CNC lathe work holding – thumb rules for quick decisions

CNC lathe work holding – when to use tailstock and steady rest

The part held in the chuck is a cantilever, and the radial cutting force of the tool tends to bend the part. You use a tailstock or steady rest to prevent the bending. Here’s a CNC lathe work holding thumb rule that tells you when you can hold in a chuck, when to use a tailstock, and when to use a steady, based on the L/D (Length to Diameter) ratio of the part.

CNC lathe work holding - thumb rules for using steady rest and tailstock

Chuck only: Use if L/D is less than 3. You can go up to L/D 5 with reduced cutting parameters, which reduce the cutting force. Tailstock: Use if L/D is between 3 and 6. You can go up to L/D 10 with reduced cutting parameters. Steady rest: Use if L/D is between 6 and 12. You can go up to L/D 20 with reduced cutting parameters.

CNC lathe work holding rules based on the L/D ratio of the part.

If you want to cut with the full recommended cutting parameters, every 3 L/D requires a new holding point. E.g., A chuck is a single holding point, chuck+tailstock is 2 holding points, chuck+tailstock+steady is 3 holding points, etc. Use this formula to determine the number of holding points: No. of holding points = ((L/D) / 3), rounded off to the next higher number. E.g., L/D 4.5 would require 2 holding points – (4.5/3 ) is 1.5, and this rounded off to the next higher number is 2. If you’re willing to cut with reduced cutting parameters, in this formula change the 3 to 5. Caution A rule of thumb is not the best way to do something. It is not always right. It is just a tool for quick decision making, for figuring out what you can get away with. Text and pics. source: CADEM NCyclopedia multimedia CNC training software.


Origin of the phrase ‘Rule of Thumb’ (or Thumb rule)

A rule of thumb is a principle with broad application that is not intended to be strictly accurate or reliable for every situation. There are various theories on the origin of the phrase, but the most logical one seems to be the use of the thumb as a rough measure of length. The thumb was also used by brewers to gauge the temperature of fermenting liquor. This rough unit of measurement evolved into a phrase that means a ‘rough principle’.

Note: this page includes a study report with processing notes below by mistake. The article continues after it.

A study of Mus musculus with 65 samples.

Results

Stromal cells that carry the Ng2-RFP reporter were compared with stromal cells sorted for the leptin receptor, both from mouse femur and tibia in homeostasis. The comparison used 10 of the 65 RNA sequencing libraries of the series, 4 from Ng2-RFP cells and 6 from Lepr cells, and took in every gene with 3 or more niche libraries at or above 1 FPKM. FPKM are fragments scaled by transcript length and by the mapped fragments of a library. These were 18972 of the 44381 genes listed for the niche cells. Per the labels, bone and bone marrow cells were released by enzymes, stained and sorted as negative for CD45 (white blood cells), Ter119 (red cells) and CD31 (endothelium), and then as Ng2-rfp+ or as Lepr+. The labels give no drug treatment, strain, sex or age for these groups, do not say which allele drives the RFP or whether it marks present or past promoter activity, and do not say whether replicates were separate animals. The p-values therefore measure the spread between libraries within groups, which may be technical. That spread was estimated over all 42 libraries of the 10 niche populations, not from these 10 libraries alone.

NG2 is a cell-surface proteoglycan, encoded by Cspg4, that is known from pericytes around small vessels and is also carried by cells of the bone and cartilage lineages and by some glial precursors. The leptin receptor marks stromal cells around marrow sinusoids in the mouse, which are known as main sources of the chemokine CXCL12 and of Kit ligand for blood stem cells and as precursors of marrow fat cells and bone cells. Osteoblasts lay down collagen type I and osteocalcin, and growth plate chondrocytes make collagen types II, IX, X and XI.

A man’s thumb is roughly an inch wide, and served as a good quick measure of an inch. In fact, in many languages the words for inch and thumb are the same or similar. French, Italian, Czech, Hungarian and Dutch have the same words for inch and thumb: French – pouce for inch and thumb; Italian – pollice for inch and thumb; Czech: palec for inch and thumb, Dutch: duim for inch and thumb. Spanish, Portugese, Swedish and Danish have similar words for inch and thumb. The thumb is not the only human body part to be used as a measure. The human foot (approx. equal to 1 foot) was used as a measure, and so was the arm, from the elbow to the fingertips. Must have been very confusing, with human sizes changing from person to person, country to country. Horses’ heights are still measured in ‘Hands’ in a few countries.

Some rules of thumb (just a few of the thousands in the world) (the first one makes serious sense – I’m going to try it to reduce my paunch ):
1. Most overeating happens at night. If you can’t diet all the time, diet after dark.
2. To calculate the calories you need to maintain your weight, multiply your weight by 15. 3. 3. Count the number of times a cricket chirps in 15 seconds, and add 37. It’ll give you the temperature in degrees Fahrenheit.
4. The African elephant has an ear shaped like Africa, the Indian elephant has an ear shaped like India.
5. When people talk, they stand just far enough apart to reach out and stick their fingers into each other’s ears.
6. Mammals with headgear (antlers, horns, tusks, etc.), are vegetarians.
7. Ducks have orange feet and short necks. Geese have dark feet and longer necks.